The World Bank, along with the Islamic Development Bank, is set up a regional initiative to raise up to $1 billion to close the existing infrastructure gap in the Middle East and North Africa (MENA) region.
According to the World Bank, the MENA region needs to invest between $75 billion and $100 billion a year to sustain the growth rates that the region has achieved in the past few years and to boost economic competitiveness.
There is very limited private sector investment in infrastructure in MENA countries despite huge unmet demands for infrastructure services, the World Bank said in a statement.
By setting up an initiative directed solely towards the MENA region, both the Islamic Development Bank and International Financial Corporation (IFC), the private sector arm of the World Bank, aim to explore ways of providing both conventional and Shariah-compliant project finance.
“This regional initiative will unlock new flows of private sector investment to help countries like Egypt, Morocco, Jordan or Tunisia eager to push ahead with critical infrastructure projects that will drive competitiveness and boost much needed job creation,” said Robert B. Zoellick, president of the World Bank.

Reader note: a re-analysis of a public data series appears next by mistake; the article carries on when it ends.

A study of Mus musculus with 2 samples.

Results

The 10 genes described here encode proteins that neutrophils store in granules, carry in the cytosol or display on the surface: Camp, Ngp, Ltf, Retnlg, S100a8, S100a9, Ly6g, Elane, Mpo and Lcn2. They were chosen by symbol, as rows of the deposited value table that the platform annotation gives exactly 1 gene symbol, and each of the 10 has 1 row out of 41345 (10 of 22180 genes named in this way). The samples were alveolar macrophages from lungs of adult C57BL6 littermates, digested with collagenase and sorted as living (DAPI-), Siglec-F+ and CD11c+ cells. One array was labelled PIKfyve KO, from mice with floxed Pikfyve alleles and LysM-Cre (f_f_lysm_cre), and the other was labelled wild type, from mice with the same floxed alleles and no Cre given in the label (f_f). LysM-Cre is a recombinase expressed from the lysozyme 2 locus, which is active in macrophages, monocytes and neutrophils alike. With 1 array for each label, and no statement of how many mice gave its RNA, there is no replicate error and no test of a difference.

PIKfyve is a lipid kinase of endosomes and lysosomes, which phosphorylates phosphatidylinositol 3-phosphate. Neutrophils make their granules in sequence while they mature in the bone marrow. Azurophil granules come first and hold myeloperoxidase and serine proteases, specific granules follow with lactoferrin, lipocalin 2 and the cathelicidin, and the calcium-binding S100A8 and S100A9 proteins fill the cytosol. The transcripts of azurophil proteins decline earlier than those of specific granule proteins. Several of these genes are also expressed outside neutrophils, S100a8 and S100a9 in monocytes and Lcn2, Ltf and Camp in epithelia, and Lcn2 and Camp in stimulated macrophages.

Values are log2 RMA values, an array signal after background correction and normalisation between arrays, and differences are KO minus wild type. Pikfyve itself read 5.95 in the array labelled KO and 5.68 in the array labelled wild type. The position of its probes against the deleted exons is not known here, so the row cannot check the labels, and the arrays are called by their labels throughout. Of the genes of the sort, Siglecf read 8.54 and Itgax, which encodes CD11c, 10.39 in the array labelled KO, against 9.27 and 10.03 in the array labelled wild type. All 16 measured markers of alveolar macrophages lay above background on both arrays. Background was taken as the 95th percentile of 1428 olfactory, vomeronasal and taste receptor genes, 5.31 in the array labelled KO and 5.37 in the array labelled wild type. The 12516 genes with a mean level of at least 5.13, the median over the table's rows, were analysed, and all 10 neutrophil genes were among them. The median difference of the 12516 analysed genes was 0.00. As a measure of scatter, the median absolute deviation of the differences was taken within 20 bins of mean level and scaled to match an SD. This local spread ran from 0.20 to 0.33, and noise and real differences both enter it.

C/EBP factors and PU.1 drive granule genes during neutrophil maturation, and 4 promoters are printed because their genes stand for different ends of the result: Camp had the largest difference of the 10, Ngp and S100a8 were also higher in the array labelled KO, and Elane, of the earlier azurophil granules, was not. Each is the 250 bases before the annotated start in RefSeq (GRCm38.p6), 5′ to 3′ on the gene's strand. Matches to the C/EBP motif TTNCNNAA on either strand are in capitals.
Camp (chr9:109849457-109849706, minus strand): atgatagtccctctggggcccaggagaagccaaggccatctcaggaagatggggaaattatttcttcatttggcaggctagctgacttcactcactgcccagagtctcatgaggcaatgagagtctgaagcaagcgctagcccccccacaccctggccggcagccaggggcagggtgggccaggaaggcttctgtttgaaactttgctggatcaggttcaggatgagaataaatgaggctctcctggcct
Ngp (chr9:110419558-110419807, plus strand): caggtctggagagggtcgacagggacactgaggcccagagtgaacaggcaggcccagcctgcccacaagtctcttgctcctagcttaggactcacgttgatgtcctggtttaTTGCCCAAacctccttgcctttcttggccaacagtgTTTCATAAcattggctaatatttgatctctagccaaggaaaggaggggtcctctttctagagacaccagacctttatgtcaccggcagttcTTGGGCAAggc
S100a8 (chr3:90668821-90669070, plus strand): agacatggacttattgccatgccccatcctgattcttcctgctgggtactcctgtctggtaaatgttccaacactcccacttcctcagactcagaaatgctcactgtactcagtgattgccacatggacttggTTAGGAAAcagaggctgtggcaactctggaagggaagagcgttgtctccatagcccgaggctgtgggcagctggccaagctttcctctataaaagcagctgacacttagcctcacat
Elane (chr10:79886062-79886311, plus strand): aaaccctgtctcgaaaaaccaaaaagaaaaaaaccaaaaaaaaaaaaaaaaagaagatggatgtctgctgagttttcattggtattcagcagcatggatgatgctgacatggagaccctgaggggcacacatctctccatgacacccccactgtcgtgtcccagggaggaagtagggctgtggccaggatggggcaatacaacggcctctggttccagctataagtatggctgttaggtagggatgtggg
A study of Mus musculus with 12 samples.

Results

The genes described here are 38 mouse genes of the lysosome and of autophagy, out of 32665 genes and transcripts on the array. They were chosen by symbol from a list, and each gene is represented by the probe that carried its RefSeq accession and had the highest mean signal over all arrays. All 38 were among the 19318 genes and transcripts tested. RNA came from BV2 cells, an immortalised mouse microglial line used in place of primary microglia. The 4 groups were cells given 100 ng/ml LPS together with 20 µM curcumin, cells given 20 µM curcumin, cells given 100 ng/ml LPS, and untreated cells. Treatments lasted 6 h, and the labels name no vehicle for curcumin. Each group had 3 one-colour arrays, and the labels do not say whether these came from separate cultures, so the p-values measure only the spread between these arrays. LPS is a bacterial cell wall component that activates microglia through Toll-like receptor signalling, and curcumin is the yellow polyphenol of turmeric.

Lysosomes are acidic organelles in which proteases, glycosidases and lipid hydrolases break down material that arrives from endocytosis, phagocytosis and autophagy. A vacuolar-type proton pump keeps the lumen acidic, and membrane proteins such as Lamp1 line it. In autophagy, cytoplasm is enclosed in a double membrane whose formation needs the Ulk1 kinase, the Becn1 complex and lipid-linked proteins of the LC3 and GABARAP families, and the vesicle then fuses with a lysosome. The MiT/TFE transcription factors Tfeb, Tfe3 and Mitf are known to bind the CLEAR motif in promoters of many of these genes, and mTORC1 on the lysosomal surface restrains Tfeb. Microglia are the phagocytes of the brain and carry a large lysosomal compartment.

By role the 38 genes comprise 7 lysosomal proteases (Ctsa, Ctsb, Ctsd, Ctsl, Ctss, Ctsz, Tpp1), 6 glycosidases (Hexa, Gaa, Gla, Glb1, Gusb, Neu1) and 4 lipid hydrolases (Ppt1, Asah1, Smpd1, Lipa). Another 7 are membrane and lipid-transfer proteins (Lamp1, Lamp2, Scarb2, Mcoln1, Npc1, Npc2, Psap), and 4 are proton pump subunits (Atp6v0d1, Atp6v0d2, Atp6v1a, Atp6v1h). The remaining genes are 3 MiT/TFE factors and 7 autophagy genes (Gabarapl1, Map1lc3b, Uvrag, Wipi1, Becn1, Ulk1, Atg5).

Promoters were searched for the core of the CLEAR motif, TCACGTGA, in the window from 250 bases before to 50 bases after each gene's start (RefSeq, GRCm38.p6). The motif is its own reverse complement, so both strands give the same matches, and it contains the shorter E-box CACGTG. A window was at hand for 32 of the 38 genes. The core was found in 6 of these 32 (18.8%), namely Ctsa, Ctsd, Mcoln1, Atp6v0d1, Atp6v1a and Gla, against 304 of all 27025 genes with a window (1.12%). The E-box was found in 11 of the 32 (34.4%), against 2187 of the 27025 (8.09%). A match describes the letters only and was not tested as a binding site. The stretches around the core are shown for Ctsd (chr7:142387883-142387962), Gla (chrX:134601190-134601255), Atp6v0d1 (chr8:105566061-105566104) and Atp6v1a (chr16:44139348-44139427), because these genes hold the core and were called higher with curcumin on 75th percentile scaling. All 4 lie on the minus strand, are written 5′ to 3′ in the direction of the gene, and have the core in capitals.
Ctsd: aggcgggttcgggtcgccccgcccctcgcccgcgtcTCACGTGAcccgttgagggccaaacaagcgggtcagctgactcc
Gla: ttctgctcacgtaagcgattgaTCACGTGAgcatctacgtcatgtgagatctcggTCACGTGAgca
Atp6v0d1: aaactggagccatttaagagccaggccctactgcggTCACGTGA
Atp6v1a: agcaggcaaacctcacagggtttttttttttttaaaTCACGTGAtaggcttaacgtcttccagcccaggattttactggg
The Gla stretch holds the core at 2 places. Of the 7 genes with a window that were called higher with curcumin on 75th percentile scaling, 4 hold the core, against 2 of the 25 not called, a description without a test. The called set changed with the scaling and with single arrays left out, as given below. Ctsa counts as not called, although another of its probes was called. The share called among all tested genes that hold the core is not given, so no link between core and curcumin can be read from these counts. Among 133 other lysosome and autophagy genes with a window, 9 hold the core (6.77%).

The regional initiative is also expected to help governments in the MENA region tackle legal, policy and institutional constraints to public-private-partnerships and develop cross-border infrastructure projects.
IFC, a World Bank unit, focuses on the private sector in developing countries. It has so far invested a total of $18 billion in 2010.